Bolivian Coup Leader Drops Out of Elections, but MAS Still Faces Tough Fight

A supporter of former President Evo Morales holds a Wiphala flag in front of soldiers blocking a street in downtown La Paz, Bolivia, Nov. 15, 2019.| Natacha Pisarenko / AP

Bolivia’s right wing quasi dictator Jeanine Añez has withdrawn her candidacy for president in the upcoming Bolivian elections after being projected to place fourth with 10.6% of the votes in a recent poll

Añez said in her announcement that she was withdrawing “to ensure there is a winner who defends democracy”, which is ironic given she was installed as ‘interim president’ in a bloody military coup following Evo Morales’ victory in last year’s election. This coup saw 35 people dead, 40 elected officials arrested and President Evo Morales forced into exile in Mexico.

Meanwhile, MAS (Movimento al Socialismo) candidate Luice Arce has a chance to win in the first round of voting with a projected 40.3% vote share. Under Bolivian electoral law, in the event that no candidate obtains more than 50% of the vote, the front runner can still win outright in the first round if they have a 10% or higher lead over their nearest challenger. As Arce’s nearest opponent, former President Carlos Mesa, is polling at 26% this news could be worrisome for MAS.

The November coup, instigated by the US-led Organisation of American States last year, has led to dire consequences for the people of Bolivia. According to a CELAG poll from July, Añez’s ‘leadership’ during the COVID-19 pandemic has left only 8.5% of the population feeling as though the pandemic and its economic implications hasn’t impacted them. Furthermore, 40% of respondents reported a complete loss of income. This mismanagement in addition to the privatisation of Bolivia’s abundant natural resources, slashing of Morales-initiated social programmes and the strengthening of ties with the US has been a complete success for Bolivian and international capitalists.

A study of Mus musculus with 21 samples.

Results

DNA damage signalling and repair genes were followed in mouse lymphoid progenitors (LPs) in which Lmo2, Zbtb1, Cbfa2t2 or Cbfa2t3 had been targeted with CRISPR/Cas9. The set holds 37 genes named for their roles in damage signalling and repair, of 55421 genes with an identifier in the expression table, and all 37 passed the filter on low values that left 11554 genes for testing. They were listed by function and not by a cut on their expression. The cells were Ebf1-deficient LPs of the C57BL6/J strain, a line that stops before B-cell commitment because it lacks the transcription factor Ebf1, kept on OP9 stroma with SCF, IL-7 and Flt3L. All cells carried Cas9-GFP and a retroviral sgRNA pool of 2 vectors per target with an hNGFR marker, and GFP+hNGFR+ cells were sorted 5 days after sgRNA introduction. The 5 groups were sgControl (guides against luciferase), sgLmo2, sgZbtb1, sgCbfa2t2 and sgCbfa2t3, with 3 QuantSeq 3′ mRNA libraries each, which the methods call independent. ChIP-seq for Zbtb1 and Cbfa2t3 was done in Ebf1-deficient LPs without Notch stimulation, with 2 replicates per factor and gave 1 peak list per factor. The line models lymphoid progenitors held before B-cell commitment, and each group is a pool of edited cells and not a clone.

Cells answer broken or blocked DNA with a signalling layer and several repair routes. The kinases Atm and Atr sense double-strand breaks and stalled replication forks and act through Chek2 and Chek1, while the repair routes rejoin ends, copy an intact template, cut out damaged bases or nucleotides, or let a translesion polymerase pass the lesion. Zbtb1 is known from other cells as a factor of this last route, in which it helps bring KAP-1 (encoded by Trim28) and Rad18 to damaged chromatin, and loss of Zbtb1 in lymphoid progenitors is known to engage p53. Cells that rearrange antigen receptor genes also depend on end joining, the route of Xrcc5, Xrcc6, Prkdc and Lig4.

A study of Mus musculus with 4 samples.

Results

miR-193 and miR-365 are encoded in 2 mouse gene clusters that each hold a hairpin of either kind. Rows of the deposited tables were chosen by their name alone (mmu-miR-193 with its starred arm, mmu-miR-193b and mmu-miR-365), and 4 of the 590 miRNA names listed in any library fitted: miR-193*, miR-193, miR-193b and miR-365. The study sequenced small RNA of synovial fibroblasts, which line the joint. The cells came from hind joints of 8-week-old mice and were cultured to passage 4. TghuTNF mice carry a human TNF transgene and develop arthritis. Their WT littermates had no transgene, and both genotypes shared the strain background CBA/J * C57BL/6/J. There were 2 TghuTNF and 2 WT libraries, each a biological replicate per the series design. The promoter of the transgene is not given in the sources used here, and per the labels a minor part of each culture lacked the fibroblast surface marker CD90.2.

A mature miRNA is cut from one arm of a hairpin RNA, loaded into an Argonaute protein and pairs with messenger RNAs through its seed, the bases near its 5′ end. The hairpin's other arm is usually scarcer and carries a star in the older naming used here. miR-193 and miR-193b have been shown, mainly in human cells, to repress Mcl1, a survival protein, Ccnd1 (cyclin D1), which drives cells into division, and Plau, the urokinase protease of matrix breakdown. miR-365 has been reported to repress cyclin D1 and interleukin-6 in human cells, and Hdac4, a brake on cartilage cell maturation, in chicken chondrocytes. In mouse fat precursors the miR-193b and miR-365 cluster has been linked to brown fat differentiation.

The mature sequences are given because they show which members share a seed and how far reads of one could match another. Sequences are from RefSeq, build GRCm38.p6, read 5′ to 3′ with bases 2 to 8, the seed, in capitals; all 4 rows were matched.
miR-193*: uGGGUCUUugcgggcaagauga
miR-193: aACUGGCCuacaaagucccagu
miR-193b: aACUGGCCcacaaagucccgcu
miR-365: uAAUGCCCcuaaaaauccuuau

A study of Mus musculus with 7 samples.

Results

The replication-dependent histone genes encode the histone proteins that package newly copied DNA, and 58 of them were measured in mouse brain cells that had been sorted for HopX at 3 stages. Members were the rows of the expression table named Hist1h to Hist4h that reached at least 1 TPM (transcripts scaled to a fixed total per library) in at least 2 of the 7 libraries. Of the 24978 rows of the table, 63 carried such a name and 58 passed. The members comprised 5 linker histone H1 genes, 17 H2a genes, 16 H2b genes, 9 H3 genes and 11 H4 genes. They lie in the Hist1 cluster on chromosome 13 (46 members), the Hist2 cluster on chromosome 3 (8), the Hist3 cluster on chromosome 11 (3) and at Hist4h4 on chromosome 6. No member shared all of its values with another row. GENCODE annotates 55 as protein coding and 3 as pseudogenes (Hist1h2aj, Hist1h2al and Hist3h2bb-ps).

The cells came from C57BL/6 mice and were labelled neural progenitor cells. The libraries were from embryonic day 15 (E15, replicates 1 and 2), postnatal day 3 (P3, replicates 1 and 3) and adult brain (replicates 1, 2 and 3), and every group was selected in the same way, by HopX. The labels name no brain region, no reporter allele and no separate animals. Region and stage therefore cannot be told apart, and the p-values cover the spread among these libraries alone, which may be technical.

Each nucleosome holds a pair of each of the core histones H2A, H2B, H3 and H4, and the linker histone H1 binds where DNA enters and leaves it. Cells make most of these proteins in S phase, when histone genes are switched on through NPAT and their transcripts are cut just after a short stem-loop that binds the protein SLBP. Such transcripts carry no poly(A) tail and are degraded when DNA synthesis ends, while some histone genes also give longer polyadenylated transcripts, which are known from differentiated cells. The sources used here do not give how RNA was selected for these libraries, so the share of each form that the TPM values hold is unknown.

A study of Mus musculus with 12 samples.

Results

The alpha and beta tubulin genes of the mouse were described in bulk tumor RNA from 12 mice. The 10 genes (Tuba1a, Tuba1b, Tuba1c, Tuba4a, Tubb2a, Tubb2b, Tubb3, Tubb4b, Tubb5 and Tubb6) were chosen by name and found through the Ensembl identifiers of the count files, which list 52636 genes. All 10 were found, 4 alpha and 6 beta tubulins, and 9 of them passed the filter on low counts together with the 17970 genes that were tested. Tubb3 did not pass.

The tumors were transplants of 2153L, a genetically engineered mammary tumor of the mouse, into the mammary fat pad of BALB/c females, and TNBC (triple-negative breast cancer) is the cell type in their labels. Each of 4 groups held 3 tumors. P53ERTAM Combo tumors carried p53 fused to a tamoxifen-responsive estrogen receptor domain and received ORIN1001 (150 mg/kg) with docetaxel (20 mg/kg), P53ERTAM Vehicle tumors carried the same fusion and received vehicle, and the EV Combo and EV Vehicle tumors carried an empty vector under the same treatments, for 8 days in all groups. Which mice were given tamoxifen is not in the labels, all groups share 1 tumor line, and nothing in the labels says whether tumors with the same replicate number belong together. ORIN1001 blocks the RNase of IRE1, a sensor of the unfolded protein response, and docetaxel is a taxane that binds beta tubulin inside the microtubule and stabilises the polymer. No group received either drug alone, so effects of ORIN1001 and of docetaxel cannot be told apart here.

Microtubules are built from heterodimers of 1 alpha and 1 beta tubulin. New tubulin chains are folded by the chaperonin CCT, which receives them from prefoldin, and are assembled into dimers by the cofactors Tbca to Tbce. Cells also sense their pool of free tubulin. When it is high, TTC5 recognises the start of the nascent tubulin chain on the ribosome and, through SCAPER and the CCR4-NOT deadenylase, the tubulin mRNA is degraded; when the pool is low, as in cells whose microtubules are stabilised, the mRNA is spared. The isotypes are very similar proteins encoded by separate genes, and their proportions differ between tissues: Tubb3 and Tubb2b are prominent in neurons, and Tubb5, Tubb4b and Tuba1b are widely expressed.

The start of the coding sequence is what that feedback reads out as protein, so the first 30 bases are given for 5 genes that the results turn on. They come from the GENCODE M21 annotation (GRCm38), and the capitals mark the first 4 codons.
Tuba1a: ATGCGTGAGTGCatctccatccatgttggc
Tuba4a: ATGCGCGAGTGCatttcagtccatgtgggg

Although public opinion appears to be on the side of MAS, US intervention and manipulation in the October election is almost certain. Indigenous communities, trade unionists and MAS activists face harsh reprisals no matter the outcome of this election, with the police’s involvement in the last bout of violent protests inspiring little confidence in a peaceful resolution to this coup.

Morales spoke on Añez’s withdrawal, saying: 

“Añez and her government are in freefall. On 18 October, we will recover democracy and defeat the crisis.”

It remains unclear how this will all turn out, though we must hope Morales’ words are proven correct come the election.


James Morgan

James Morgan is an editor for the Workers’ Star and member of the Central Committee for the CP Aotearoa. In his spare time he acts and was a part of the National Shakespeare School Production in 2018.